I’ve recently added two reviews – Noah’s Compass by Anne Tyler and All the Colours of the Town by Liam McIlvanney – to the ‘Reviews’ pages, with links to their online posting in the literary ezine, The Literateur Magazine. Out of these contemporary studies of the modern male, I much preferred Tyler’s wry character-driven story of retired teacher Liam Pennywell’s attempts to reconnect with his family to McIlvanney’s plot-driven exposé of Scottish religious and political tensions as seen through the eyes of Gerry Conway, a hard-nosed journalist with a soft-centre.
I have to admit my partiality to Tyler’s fiction. I’ve read and enjoyed almost all of her books. Although there are gaps, such as The Tin Can Tree, I’ve read everything from A Slipping Down Life (1969; reissued by Vintage, 1990) to Digging to America (2006) and consider her Dinner at the Homesick Restaurant (1998) one of the best books ever written.
This is McIlvanney’s fictional debut but not the first time I’ve come across his work. In my ‘other life’ as academic researcher I’ve read and disagreed with his monologue, Burns the Radical: Politics and Poetry in late Eighteenth-Century Scotland (Tuckwell Press, 2002). In my ‘good reads’ review I gave it 3 stars: “McIlvanney’s book is thoroughly researched and well-written. He offers a lively new interpretation of many of Burns’s poems, well-known and the lesser known ones. It’s hard to agree with his views on Scottish contractarianism but that aside it’s a good addition to Burns scholarship.”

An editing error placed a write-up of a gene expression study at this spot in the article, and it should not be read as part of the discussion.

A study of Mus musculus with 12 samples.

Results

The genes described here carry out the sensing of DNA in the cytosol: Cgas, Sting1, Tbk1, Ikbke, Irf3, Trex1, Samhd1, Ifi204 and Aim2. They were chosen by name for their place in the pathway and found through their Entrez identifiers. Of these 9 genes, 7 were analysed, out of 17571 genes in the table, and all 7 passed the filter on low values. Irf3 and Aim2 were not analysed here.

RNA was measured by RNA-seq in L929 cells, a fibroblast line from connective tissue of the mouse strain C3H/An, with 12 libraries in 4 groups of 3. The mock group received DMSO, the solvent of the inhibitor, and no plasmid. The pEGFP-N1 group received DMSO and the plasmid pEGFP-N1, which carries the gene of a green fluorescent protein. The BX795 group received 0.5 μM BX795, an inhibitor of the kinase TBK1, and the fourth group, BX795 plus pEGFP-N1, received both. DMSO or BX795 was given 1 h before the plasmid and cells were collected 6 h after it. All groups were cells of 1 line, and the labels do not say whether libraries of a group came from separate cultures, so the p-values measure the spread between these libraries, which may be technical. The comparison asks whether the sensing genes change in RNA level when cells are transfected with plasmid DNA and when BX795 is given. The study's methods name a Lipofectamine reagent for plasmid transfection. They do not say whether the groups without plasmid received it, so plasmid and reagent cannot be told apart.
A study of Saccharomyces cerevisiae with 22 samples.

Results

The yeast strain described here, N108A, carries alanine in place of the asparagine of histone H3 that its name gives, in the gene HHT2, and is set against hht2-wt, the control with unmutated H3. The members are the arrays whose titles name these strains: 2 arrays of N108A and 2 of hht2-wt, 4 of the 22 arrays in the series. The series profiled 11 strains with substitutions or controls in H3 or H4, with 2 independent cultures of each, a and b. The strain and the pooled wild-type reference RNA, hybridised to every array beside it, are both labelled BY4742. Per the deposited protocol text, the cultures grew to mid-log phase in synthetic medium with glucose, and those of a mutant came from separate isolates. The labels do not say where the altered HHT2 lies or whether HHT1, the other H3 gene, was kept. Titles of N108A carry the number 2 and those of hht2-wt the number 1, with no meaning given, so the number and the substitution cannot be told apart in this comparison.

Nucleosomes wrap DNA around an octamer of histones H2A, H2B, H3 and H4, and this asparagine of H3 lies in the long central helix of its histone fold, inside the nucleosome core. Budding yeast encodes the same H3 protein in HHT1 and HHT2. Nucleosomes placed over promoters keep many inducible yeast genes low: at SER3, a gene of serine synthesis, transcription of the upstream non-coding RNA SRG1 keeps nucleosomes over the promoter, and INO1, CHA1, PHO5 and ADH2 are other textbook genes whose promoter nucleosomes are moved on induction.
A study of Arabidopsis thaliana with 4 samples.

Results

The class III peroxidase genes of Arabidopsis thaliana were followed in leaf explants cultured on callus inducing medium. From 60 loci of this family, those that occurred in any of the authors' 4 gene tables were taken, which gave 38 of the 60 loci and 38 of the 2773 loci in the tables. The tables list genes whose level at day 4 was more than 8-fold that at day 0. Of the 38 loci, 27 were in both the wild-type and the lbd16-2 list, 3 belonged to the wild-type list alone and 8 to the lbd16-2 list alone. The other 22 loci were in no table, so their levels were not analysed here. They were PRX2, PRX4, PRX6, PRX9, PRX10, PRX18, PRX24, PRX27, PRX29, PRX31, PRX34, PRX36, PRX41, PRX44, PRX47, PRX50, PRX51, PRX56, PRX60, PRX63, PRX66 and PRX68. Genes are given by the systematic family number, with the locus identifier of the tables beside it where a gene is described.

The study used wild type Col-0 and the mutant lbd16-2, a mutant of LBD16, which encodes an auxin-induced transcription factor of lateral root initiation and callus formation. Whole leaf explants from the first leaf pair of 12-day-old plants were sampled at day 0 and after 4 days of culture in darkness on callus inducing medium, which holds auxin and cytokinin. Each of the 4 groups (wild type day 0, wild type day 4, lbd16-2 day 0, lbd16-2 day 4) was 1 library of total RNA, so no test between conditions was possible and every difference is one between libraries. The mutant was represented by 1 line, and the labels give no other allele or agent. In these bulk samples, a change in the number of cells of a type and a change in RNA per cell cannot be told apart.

My disagreement, such as it is, is with McIlvanney’s view of presbyterianism, the Enlightenment and how they affected Scottish society and not on his writing style.
Do I still have this in mind, though, when reading his fiction?
I worry whether my preference for Tyler over McIlvanney is down to gender? Would a male reader find the same things to disagree with in both texts?
Enjoy, but approach the reviews with all the above in mind.